PATHS pilot to be expanded
Whenever this year's kindergarten students at the Troy Early Childhood Center see a turtle, they will likely remember the lessons they learned this past semester.
But, there's one little girl and a teacher's aide who will, for a long time, remember what "Doing Turtle" is all about.
Tehya Poslie is one of the almost 200 kindergarten students who participated in the PATHS (Promoting Alternative Thinking Strategies program), this school year, and took the lessons to heart.
As a matter of fact, she considered the lessons important enough that she taught teacher's aide Tonika Perry a lesson.
Through a joint effort between Big Brothers and Big Sisters of Pike County and the Troy City Board of Education, PATHS was put into the kindergarten curriculum during the 2002-2003 academic year and will be expanded into the first grade next year.
The PATHS curriculum was written more than 15 years ago to help grade-school children develop better thinking skills and more mature, responsible ways of behaving in order to boost academic performance. Goals of the program are to help children think independently and act more responsibly.
A large part of the kindergarten curriculum involves a turtle, who is somewhat of a mascot, Lakey said.
The first unit in the curriculum involves lessons about a turtle who can't control his emotions. He becomes somewhat of an outcast among his classmates because his lack of control results in nobody wanting to play with him. He is also constantly getting in trouble at school and home.
Then, one day, when the turtle is sadly wandering around because he has no friends, is making bad grades and is always getting into trouble, he encounters a wise old turtle and in just minutes, the troubled turtle's life is turned around when he learns to "go into his shell" to calm down when he's upset.
At school, the next day, he uses the lesson of going into his shell, taking a deep breath and telling himself what the problem is and how it makes him feel. His teacher takes notice and positively reinforces his actions, which soon become habit.
It's that lesson that Tehya taught Perry one day with the teacher's aide was frustrated in the classroom.
"Everybody was talking and she said, 'be quiet' and they wouldn't," Tehya said describing what happened that day. "I saw she was getting mad."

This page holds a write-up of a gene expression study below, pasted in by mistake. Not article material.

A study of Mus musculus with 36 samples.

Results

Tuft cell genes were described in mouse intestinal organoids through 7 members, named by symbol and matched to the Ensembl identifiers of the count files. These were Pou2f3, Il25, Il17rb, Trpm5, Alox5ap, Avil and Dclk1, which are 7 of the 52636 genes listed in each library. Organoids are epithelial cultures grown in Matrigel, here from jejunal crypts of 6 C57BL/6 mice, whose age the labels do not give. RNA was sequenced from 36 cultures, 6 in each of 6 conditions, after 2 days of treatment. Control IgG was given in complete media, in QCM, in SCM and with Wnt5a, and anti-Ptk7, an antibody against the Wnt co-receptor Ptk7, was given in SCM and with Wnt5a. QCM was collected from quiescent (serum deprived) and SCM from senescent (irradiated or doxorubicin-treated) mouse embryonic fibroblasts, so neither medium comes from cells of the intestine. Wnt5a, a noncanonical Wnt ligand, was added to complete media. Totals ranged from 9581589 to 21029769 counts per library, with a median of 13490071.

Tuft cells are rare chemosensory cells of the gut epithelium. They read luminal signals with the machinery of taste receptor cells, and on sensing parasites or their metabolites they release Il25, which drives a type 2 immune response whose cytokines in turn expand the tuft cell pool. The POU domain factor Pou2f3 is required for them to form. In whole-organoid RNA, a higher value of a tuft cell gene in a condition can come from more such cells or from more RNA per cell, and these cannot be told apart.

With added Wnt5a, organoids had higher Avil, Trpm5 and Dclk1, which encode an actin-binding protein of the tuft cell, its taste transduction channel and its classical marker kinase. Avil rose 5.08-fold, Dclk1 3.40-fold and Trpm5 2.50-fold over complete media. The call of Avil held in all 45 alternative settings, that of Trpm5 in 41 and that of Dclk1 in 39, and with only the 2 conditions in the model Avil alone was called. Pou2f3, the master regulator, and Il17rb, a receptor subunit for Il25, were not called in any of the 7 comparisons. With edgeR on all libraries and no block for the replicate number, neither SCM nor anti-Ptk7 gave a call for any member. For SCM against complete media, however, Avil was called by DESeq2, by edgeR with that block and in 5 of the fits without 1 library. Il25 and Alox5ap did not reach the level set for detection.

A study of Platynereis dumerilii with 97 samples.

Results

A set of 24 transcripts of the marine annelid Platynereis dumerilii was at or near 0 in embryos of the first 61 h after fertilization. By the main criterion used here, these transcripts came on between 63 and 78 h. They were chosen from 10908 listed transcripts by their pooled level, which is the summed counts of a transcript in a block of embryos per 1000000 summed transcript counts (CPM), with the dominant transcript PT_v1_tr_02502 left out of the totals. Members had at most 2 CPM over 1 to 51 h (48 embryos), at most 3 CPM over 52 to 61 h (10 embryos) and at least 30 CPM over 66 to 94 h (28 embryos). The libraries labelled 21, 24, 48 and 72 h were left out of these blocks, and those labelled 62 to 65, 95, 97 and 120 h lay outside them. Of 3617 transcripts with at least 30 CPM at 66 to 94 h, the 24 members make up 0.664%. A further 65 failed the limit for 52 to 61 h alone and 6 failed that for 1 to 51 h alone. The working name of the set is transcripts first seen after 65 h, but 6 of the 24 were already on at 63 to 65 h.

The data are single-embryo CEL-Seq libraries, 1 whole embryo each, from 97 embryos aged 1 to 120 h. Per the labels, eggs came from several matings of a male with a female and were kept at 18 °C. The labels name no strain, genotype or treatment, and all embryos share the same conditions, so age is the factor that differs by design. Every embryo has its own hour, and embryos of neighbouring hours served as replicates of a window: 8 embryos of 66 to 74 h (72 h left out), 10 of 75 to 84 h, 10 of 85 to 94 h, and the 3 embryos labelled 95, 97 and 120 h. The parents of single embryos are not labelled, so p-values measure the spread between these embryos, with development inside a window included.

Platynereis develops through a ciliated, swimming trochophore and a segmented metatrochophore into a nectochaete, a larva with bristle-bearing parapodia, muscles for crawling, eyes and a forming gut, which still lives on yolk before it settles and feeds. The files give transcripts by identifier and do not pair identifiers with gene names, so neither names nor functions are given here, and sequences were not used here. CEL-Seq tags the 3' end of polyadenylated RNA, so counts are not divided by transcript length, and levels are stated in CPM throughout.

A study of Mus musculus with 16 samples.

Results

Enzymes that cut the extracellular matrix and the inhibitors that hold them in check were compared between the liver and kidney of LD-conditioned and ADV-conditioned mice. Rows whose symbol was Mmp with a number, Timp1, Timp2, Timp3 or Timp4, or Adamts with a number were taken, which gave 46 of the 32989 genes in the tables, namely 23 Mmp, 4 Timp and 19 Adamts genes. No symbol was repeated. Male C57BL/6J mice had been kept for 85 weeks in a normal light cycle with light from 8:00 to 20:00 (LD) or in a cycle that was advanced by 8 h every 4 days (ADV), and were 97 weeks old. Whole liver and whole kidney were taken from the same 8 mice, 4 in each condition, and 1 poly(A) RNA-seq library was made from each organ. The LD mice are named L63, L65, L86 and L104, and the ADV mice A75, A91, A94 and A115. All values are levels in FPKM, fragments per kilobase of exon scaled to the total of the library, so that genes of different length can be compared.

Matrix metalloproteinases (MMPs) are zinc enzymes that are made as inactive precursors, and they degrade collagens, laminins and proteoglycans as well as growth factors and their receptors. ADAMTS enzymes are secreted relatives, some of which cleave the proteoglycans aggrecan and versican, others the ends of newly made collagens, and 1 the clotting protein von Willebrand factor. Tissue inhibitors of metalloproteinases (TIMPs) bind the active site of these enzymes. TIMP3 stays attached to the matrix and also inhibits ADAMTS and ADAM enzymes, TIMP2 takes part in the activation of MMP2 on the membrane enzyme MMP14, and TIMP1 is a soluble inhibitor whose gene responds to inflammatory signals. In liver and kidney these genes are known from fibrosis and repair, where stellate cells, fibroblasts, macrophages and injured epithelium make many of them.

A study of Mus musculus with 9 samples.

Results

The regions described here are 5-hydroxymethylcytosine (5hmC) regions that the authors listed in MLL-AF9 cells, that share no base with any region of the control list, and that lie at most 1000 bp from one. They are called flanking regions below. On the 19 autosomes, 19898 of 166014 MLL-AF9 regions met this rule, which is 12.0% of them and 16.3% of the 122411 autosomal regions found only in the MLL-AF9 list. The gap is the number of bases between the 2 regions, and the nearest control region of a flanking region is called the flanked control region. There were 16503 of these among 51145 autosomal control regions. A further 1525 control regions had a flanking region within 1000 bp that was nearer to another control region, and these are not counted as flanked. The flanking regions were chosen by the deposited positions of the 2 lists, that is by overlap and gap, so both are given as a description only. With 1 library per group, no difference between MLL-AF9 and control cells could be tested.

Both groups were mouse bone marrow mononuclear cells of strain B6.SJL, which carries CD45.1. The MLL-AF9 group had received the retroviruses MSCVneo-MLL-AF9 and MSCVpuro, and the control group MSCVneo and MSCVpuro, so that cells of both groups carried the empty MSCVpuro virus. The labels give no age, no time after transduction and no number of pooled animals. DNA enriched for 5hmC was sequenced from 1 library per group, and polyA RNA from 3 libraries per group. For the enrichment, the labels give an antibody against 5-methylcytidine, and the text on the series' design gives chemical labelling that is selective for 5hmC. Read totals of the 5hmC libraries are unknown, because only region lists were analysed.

The little girl with the toothless grin quietly went up to Ms. Perry.
"I said 'do turtle' and she asked how to," Tehya said.
She proceeded to teach the aide how to do just that and, now, Perry is an advocate for the PATHS Curriculum.
With a laugh, Perry quickly agreed the children were trying her patience that day and the lesson she learned from one of her students was one she will long remember.
"I do think about it [the Turtle Technique] when I get upset," Perry said.
"It's stories like the one about Tehya and Ms. Perry that reinforce the importance of methods such as the Turtle Technique," said Beth Lakey, PATHS Instructor/ Mentoring Specialist with Big Brothers Big Sisters of Pike County. "Everyone gets upset at some time or another and needs to learn positive ways of dealing with that anger, frustration or whatever negative emotions are rearing their ugly heads.
"Ms. Perry would probably be one of the first to tell you she learned a very valuable lesson that day, but the teachers, who quickly learned about the young student's action, learned something, too. They realized how important it is for them to control their emotions in the classroom because little eyes are always watching."
"By teaching these young children how to think for themselves, I'm teaching them how to learn," Lakey said.
She said the PATHS Curriculum was developed at the University of Washington in Seattle, Wash., and is based on scientifically-researched principles, which make it ideal since, in order to receive monies from the federal "No Child Left Behind" funds, schools are required to indicate scientific proof their proposed curriculum will work.
Troy is the only known school system in this region to have the PATHS Curriculum, Lakey said.